In our ongoing series on mental illness awareness, Mayim sheds some light on Borderline Personality Disorder
By Mayim Bialik     Published on 07/10/2017 at 9:00 AM EST

Borderline Personality Disorder (BPD) is characterized by ongoing unstable moods and behavior which often leads to impulsive actions, and unpredictable and unhealthy relationships. It does not – as some may believe from its name – refer to someone who is “borderline” other things; it’s a diagnosis in and of itself.

Personality Disorders differ from other disorders: they are characterized by features that are typically not “easy” to diagnose and treat since they encompass a set of behaviors and ways of thinking and behaving that are ingrained deeply into a person’s personality.

Oftentimes, individuals with BPD will also have other mood disorders, anxiety, depression, eating disorders, and often they will have addictions such as alcohol, drugs, sex addiction or even shopping addictions. Suicidal thinking, suicidal behaviors and suicide, and other types of risky behavior, are also not unusual in those with BPD.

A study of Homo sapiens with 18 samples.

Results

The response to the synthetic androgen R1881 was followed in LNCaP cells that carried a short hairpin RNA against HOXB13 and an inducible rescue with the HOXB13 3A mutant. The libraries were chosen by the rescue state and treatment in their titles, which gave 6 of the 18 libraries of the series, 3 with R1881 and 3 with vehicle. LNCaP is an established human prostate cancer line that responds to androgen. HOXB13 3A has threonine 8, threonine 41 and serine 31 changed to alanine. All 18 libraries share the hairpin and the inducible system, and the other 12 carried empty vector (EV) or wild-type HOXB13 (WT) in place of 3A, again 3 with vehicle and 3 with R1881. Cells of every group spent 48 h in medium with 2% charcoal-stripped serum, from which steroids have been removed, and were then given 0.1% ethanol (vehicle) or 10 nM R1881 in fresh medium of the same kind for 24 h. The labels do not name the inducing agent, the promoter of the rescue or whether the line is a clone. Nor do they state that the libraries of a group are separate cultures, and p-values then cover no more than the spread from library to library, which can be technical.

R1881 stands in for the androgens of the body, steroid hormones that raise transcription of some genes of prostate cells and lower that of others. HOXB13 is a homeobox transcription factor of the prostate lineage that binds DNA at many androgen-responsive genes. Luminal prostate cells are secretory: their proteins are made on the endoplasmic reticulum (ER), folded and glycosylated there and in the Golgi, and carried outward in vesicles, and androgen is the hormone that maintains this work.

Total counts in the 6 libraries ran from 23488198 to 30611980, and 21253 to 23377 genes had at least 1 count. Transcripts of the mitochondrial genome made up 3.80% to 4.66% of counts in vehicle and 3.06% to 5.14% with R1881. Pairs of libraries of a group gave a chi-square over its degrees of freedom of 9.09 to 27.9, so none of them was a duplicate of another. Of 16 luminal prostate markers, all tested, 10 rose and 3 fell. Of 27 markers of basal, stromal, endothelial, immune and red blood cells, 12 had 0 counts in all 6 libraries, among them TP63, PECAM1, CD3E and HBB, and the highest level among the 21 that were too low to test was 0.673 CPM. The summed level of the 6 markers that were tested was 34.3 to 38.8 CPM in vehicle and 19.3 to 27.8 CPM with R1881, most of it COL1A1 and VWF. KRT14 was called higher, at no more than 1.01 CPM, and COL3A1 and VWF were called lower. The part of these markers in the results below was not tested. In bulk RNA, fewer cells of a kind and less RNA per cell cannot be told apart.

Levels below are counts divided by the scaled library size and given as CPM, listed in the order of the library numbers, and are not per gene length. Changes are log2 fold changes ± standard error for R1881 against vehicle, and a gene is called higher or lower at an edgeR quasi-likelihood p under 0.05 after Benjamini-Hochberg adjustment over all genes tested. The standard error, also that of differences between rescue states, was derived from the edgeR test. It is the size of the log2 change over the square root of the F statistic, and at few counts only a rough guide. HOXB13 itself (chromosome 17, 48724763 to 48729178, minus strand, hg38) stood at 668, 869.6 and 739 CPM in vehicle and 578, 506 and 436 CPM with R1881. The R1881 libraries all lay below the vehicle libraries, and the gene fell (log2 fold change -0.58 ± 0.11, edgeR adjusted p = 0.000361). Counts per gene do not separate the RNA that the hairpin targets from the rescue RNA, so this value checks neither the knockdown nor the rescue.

People with BPD have trouble in relationships because they tend to have black-and-white, all-or-nothing thinking. They tend to think of people as either with them or against them; they often have trouble maintaining jobs or romantic or even platonic relationships. People with BPD often feel wronged and their solution is often to “cut and run,” eliminating people form their lives whom they see as problematic.

Typically, people with BPD are treated with psychotherapy (also known as “talk therapy”) or Cognitive Behavioral Therapy (CBT) to address the root cause of some of their problems and to learn healthy ways to redirect problematic behaviors. BPD is not a disorder that “goes away,” and people with BPD can lead productive and happy lives with the appropriate support and help. There isn’t a single pill that “cures” BPD, but medications such as SSRIs or other medications that influence serotonin tend to work well for some of the symptoms of BPD. Even though it sounds kind of scary that it doesn’t “go away,” many wonderful people with BPD have families, jobs and lives that are rewarding.

If you show any of the features of BPD and would like to learn more, here are some resources.